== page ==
It’s all around. You can feel it. It’s intangible but you know it’s there. The city, the people, even the buildings, are expectant.
You can smell it. Almost over-powering at times. Jasmine, opening in the evening to release that strong, almost sickly scent. The tiny heads of the flowers, pinned meticulously onto dried thistle-stems to make bigger flower-heads – biznagas – sold by biznagueros in their smart white shirts and red sash belts, a Málagueño tradition.
The biznaga, like the heat, defines the time of year. It is August and the shades float high above Calle Larios to offer respite from the sun. In the evening the shades trap the remains of the heat, encouraging the jasmine flowers to open and fill the street with their smell.
It’s more than just the jasmine. The stage is set …… Málaga is ready. In La Plaza de la Constitución the platform is built. In the side streets stacked barriers await deployment. Lights are strung overhead, loudspeakers are hung from scaffolding. It is almost time.
My feet take me north of La Plaza de la Constitución, into the maze of narrow alleys that contain the bars and restaurants I love. Posters announce the next week’s events. From upstairs windows drift the sounds of final rehearsals. Everything looks ready … sounds ready …. smells ready.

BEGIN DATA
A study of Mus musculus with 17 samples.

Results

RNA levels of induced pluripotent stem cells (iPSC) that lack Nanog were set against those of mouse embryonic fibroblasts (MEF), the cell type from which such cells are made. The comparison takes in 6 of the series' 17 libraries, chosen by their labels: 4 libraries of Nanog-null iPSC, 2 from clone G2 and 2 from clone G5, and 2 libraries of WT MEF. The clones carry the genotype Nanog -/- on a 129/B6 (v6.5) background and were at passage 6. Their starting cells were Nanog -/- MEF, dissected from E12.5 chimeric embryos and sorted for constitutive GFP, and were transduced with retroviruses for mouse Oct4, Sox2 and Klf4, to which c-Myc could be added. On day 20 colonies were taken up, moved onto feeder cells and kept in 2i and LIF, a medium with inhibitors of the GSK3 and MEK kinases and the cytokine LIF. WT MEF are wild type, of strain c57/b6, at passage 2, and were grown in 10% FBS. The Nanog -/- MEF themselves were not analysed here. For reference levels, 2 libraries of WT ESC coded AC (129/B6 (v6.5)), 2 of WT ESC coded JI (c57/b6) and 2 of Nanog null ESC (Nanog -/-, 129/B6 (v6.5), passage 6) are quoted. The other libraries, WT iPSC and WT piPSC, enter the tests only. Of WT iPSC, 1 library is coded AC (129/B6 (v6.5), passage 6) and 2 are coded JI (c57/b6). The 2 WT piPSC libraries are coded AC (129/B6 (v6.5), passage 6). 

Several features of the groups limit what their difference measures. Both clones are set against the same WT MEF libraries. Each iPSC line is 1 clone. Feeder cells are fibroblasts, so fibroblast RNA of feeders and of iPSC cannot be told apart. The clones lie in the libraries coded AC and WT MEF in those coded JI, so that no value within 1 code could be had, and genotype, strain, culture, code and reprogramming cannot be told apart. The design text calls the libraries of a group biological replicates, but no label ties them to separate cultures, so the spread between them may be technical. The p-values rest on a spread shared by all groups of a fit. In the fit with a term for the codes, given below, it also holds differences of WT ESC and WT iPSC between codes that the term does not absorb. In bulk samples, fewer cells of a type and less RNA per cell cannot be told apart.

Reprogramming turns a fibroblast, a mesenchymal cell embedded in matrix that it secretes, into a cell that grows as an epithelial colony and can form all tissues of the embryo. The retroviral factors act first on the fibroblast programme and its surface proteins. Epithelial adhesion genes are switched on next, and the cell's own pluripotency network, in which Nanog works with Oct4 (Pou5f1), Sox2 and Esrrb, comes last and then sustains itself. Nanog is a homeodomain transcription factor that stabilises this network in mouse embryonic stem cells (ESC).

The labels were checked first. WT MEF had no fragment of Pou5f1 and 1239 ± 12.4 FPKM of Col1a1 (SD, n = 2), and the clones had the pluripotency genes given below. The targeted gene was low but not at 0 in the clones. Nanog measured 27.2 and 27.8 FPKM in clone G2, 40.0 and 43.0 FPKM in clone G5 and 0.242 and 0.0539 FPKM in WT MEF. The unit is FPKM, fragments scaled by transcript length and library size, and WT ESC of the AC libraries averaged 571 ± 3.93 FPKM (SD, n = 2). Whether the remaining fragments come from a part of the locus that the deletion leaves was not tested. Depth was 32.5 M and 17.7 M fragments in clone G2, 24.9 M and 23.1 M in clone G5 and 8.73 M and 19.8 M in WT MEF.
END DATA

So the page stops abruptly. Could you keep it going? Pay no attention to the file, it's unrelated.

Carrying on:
Tomorrow the fireworks proclaim the start. Málaga feria – big, joyous, chaotic, noisy, fast-moving yet bringing the city to a standstill.
The hottest time of year – 40 degree temperatures. But escape to somewhere cooler? No. Málaga de feria. My city is celebrating life, celebrating its very existence. Málaga is ready and so am I.
Colmenar feria is, of course, the best feria in Andalucía. Others may believe their own village puts on the best feria – they are, obviously, wrong.
Fifty lycra-clad cyclists raced up the hill from Riogordo in record time one evening. The next evening the young people raced their home-made cars down the main street trying (and sometimes succeeding) to avoid the hay bales. Children splashed in the foam-filled swimming pool and rolled around in plastic bubbles in the fairground. Horses gathered, men competed to chop wood, beer, porra, paella and embutidos were handed out freely. Neighbours sat with neighbours, late into the night in front of the stage, drinking and dancing. Colmenar de feria – a village partying.
© Tamara Essex 2013
THIS WEEK’S LANGUAGE POINT:
I’m behind with my homework. Fortunately my intercambio meetings continue through August so Jose is my “Profe #1” this month. I got really confused between sitting and feeling. Quite different, but in the “I” form, the same.
Sentir – to feel; Sentar – to sit.
No problem in the second or third person – “Te sientes feliz?” Do you feel happy? “Te sientas allí?” Are you sitting there? “El se siente feliz.” He feels happy. “El se sienta aqui” He is sitting here. Plurals are fine too. No it’s the first person singular (me) that throws the untranslatable cat amongst the proverbial pigeons!
“Me siento aqui?” May I sit here? “Me siento feliz.” I feel happy.
I guess I’ll just have to hope the two meanings don’t coincide in some inconvenient juxtaposition – something about “Could I feel happy sitting here, do you think???”